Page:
Amid lofty rhetoric and a discussion of inequality in America, President Barack Obama’s State of the Union address Tuesday featured a bold education proposal — eliminating the cost of community college. Although Congress is unlikely to tackle such an initiative, it is one that should not exit the American consciousness as quickly as it has entered.

From 2000 to 2010, attendance rates at community college in America rose by 2.5 million students, reaching an enrollment of 8 million in 2011 according to the U.S. News & World Report. The rise has coincided with the understanding that, in an economy still struggling to regain its footing, non-traditional forms of higher education are crucial in expanding opportunity and growing our economy.

Expanding access to community college obviously comes at a cost. A similar plan has been put into place in the state of Tennessee, which has shown that, with the proper oversight, emphasis can be put on accessibility in addition to keeping costs low for taxpayers. President Obama’s ambitious proposal requires a sensible way to make it a reality.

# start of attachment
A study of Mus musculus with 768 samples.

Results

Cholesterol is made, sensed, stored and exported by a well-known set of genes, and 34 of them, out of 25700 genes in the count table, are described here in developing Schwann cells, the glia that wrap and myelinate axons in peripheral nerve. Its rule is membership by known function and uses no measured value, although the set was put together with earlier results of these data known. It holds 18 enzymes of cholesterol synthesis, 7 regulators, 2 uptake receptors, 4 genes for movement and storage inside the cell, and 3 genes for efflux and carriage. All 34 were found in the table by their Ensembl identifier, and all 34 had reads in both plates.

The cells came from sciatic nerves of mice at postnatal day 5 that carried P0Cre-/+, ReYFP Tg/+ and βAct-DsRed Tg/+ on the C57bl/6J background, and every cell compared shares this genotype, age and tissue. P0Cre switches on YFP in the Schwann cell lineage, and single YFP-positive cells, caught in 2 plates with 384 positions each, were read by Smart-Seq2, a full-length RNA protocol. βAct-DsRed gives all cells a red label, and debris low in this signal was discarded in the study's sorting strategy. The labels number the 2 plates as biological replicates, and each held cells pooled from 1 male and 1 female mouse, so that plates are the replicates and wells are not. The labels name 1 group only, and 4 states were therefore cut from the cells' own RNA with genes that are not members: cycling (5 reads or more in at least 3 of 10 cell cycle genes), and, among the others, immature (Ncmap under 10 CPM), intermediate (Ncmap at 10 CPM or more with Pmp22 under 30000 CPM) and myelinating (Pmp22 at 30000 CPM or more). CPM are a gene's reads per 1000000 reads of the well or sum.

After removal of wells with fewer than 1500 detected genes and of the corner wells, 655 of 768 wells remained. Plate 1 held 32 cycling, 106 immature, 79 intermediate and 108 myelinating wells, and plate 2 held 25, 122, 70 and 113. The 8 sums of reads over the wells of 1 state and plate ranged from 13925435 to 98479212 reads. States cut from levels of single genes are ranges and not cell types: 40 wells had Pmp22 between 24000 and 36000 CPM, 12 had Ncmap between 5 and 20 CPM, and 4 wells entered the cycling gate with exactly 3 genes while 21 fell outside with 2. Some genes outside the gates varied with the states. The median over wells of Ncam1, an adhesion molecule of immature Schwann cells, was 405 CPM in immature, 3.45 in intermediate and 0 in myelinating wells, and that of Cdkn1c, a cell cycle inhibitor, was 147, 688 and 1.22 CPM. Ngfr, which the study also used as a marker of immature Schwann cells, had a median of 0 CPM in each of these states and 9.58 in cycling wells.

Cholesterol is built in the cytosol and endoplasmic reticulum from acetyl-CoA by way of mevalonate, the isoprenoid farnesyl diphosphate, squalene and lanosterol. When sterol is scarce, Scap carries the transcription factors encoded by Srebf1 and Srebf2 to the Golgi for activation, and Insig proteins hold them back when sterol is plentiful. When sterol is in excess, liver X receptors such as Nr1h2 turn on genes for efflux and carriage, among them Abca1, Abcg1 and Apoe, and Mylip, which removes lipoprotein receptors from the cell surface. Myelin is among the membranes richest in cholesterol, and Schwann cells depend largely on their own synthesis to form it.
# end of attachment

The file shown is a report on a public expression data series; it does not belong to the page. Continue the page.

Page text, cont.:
The proposal speaks to the needs of those Americans who may not have the resources or the time to invest in a four-year degree at schools across the country.

The reality of today is that some higher education is crucial for social mobility. But with consistently rising college tuition rates, this proposal seeks to create an alternative path for those that need a different way to achieve their higher education goals.

Community colleges have done a wealth of good for so many across this nation. They are able to give students access to classes in fields that require more specialized skills, such as computer science, engineering and the technology industry. As much as this nation is billed as a land of opportunity, if Americans are not able to acquire the necessary skills and training, the appellation is meaningless.
It is easy to look at this proposal through the eyes of a political cynic, but the mission of expanding access to higher education is nevertheless extremely important and should not be pushed aside so easily.